Every morning, I dusted, vacuumed and staged our home -- right down to the vase of fresh-cut flowers on the kitchen counter. Finding just the right buyer for a newly remodeled 1926 bungalow required a daily dose of elbow grease. Before long, however, I realized my routine was just a precursor to the real work. A home inspection revealed a need for new guttering. Just when I thought there couldn't be any more projects to tackle, it was time to make another trip to the hardware store. Although my home sold years ago, in the days before "carbon footprint" was part of our collective lexicon, I still wonder if my rehabbed abode would have passed a green home inspection.
Standard home inspections, like the one I experienced, are a normal part of the home-selling process and are often required by lenders as a condition of the sale. A home inspection report will identify necessary repairs and call attention to items that need maintenance or replacement -- like those shiny new gutters that were installed just a few days before I handed the keys to my home's new owner.
While a standard home inspection, according to the American Society of Home Inspectors is, "an objective visual examination of the physical structure and systems of a house, from the roof to foundation," a green home inspection adds another layer of expertise. There are several specialized training programs for green home inspectors, including the Green Rater certificate program from the U.S. Green Building Council's Leadership in Energy and Environmental Design (LEED) for Homes, and LEED Training Continuing Education courses are offered to members of the American Society of Home Inspectors [source: U.S. Green Building Council].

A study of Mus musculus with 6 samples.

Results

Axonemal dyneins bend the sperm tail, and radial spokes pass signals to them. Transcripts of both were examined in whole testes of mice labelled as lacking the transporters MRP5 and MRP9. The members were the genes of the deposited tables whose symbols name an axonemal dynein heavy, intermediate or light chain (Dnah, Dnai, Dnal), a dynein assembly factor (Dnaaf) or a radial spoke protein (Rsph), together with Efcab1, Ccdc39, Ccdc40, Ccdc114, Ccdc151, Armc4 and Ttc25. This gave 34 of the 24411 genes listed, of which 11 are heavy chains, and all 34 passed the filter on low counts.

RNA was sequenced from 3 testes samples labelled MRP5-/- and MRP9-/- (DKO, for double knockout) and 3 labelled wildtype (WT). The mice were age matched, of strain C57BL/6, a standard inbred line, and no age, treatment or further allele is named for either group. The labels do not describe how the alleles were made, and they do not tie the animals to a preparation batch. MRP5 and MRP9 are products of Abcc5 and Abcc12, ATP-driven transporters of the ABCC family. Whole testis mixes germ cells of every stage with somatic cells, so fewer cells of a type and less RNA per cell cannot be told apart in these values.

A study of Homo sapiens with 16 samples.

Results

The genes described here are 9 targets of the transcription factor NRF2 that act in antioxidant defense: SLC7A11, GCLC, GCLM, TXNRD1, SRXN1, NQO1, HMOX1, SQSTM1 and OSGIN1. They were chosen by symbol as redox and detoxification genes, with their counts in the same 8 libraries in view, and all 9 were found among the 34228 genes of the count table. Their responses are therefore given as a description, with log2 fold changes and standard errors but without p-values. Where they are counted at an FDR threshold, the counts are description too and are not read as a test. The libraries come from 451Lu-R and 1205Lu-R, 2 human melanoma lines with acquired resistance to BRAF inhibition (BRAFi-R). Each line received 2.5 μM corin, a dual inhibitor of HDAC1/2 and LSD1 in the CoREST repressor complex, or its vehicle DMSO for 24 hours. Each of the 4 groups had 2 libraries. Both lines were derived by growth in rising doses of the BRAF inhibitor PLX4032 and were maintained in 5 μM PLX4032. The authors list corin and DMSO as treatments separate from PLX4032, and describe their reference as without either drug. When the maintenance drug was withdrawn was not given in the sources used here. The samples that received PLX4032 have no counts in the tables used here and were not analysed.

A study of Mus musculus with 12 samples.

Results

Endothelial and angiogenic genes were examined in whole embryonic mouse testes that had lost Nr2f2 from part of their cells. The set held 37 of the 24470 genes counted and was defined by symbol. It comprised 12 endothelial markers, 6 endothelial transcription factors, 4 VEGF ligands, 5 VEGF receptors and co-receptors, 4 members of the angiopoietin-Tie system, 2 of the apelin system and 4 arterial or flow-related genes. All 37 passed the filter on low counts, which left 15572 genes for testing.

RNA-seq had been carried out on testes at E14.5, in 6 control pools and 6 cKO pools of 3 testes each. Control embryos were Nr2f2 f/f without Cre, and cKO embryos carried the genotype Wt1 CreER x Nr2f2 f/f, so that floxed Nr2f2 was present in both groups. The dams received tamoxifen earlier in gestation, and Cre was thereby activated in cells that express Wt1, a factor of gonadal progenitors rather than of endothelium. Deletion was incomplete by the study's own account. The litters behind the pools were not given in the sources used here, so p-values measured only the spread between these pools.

A green home inspection includes the identification of features that detract from environmental health, such as carpet that may trap dust and allergens. In addition, this neutral, third-party inspection will note a home's use of sustainable materials, such as water-conserving toilets or use of wood from trees that mature quickly and whose numbers can be easily replenished. If a green material can't be visually confirmed, such as low-VOC paint, a seller can produce documentation for it.
A green home inspector also will examine, but not evaluate, energy efficient features, such as solar energy systems. The measure of a home's energy efficiency falls into the realm of an energy audit. With additional training, such as the Residential Energy Services accredited program, green home inspectors may also become energy auditors [source: Gromicko]. An energy auditor may, for example, conduct thermographic scans to detect gaps around windows or doors that allow air penetration, make a close examination of a homeowner's past utility bills and suggest ways to improve energy efficiency.
You can find a green home inspector in your area through organizations like the American Society of Home Inspectors or the International Association of Certified Home Inspectors. With a green home inspection, you'll be more effective at attracting buyers seeking an eco-friendly home. And, even if you aren't interested in selling your home, a green home inspection can pinpoint lurking energy drains and maintenance issues to help you save money, conserve energy and prevent problems down the road [source: American Society of Home Inspectors].